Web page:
Indiana EMT Claims Gender Discrimination Over Discipline

An EMT with the Wayne Township Fire Department has filed suit contending that her discipline for failing a random breathalyzer test was substantially harsher than that given to similarly situated males. Kimberlie Neal filed suit in US District Court for the Southern District of Indiana.

The suit contends that male firefighters received suspensions of 23 and 48 hours for the same infraction while Neal was suspended for 144 hours. Quoting from the complaint:

  • On or about March 10, 2020, at 7:40 am, Defendant randomly administered a test to Neal at her station house. Under the Defendant’s policy, an employee must blow below .02. On said date, Neal failed said breathalyzer test.
  • Per the Defendant’s policy, Neal was transported to Concentra for a “certified breath test” on the same day. At 8:33 am, Neal was administered a test and blew a .044. At 8:49 am, Neal was administered a second test and blew a .037.
  • On or about March 10, 2020, Neal sought an evaluation and treatment for alcohol use, per the Defendant’s policy, at Rainbow Recovery. Said evaluation and treatment plan were approved by the Defendant.
  • At the time, Chief Randy Adams, who is a male, was the Chief of Defendant. Chief Adams stated that since Neal was the first failed breathalyzer under the Defendant’s new administration, he was going to, “make an example of her.”
  • On March 17, 2020, Defendant sent a “Confidential Agreement” …. [that] required the following:
  • a. Defendant required successful completion of the Initial Treatment Plan, AOP Program and all objectives identified.
  • b. Defendant required weekly Compliance Follow-up Letters to Chief Lang stating that Neal was in compliance with her treatment plan. Due by 4pm each Friday.
  • c. Defendant required Neal to completely suspend all forms of social media while enrolled in treatment until released to return to duty.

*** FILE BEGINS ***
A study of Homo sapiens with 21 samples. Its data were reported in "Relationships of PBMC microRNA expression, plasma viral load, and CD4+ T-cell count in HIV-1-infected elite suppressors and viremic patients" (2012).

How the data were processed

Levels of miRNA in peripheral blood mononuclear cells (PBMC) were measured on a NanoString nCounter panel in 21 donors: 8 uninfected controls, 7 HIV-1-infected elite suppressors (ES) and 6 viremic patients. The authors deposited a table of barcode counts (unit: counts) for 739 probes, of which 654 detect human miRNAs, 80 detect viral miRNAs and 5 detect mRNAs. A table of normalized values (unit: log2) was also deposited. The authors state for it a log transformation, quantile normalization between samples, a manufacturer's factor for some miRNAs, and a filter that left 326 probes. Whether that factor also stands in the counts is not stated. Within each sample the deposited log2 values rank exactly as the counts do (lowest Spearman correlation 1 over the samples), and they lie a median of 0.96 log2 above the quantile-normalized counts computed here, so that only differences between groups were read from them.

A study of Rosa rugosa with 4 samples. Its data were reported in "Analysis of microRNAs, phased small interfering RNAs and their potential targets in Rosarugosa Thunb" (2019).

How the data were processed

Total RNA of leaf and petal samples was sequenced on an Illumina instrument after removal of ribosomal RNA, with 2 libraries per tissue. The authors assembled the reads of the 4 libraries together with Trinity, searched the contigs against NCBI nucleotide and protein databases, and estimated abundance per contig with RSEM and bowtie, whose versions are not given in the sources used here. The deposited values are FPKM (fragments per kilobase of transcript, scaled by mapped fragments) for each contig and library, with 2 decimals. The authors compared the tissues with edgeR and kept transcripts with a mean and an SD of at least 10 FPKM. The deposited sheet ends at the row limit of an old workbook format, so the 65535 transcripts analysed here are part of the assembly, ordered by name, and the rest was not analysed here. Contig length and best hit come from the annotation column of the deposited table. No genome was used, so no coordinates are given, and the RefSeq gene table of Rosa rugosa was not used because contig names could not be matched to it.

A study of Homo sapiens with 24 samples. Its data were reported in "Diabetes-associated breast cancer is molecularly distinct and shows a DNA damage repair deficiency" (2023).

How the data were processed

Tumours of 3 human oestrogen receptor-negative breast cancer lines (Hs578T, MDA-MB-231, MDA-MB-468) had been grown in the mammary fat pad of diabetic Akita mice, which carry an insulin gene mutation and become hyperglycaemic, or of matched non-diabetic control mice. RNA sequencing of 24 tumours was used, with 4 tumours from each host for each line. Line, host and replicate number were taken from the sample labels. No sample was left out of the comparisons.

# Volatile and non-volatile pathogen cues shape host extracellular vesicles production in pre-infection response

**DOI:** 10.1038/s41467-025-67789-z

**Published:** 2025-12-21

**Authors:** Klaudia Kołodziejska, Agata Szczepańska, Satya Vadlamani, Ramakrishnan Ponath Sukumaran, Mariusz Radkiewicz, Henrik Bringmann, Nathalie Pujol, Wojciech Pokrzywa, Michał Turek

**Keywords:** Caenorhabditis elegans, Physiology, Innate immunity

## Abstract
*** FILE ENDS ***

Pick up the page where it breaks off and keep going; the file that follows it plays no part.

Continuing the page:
• d. Defendant required Neal to remain in the status Leave-Detail while attending treatment at Rainbow Recovery. Neal’s point of contact was with Chief Lang.
  • e. Defendant noted that upon Neal’s completion of her treatment plan and release to return to work, she would immediately serve 144 hours of discipline.
  • f. Defendant required Neal to submit up to twelve additional random drug and alcohol screen tests over a two (2) year period, outside the regularly scheduled random drug and alcohol screenings. If during these additional tests, Neal tested positive for alcohol or illegal drug usage, she would be brought up for immediate termination following Defendant’s current policies and procedures.
  • g. Defendant noted that any failure by Neal to remain in compliance with Rainbow Recovery’s Initial Treatment Plan shall be grounds for immediate withdrawal of the terms of the Agreement and further disciplinary actions may be taken.
  • On May 29, 2020, a “Suspension Without Pay” notice was provided to Neal. In said notice, it reiterated that Neal was to be suspended without pay for a total of 144 hours.
  • Additionally, Neal was prohibited from working overtime.
  • On or about September 6, 2020, Lieutenant Ryan Rowley (“Rowley”), who is a male, failed a random breathalyzer test. The Defendant disciplined Rowley by only subjecting him to 23-hours of unpaid leave and required him to complete an online mental health course.
  • Additionally, another male firefighter (name unknown) failed a breathalyzer test in or about 2020/2021. The Defendant disciplined said individual by only subjecting him to 48-hours of unpaid leave.

The complaint contains a single count of gender discrimination under Title VII of the Civil Rights Act of 1964. Here is a copy of the complaint:

About Curt Varone

Curt Varone has over 45 years of fire service experience and 35 as a practicing attorney licensed in both Rhode Island and Maine. His background includes 29 years as a career firefighter in Providence (retiring as a Deputy Assistant Chief), as well as volunteer and paid on call experience. He is the author of two books: Legal Considerations for Fire and Emergency Services, (2006, 2nd ed. 2011, 3rd ed. 2014, 4th ed. 2022) and Fire Officer's Legal Handbook (2007), and is a contributing editor for Firehouse Magazine writing the Fire Law column.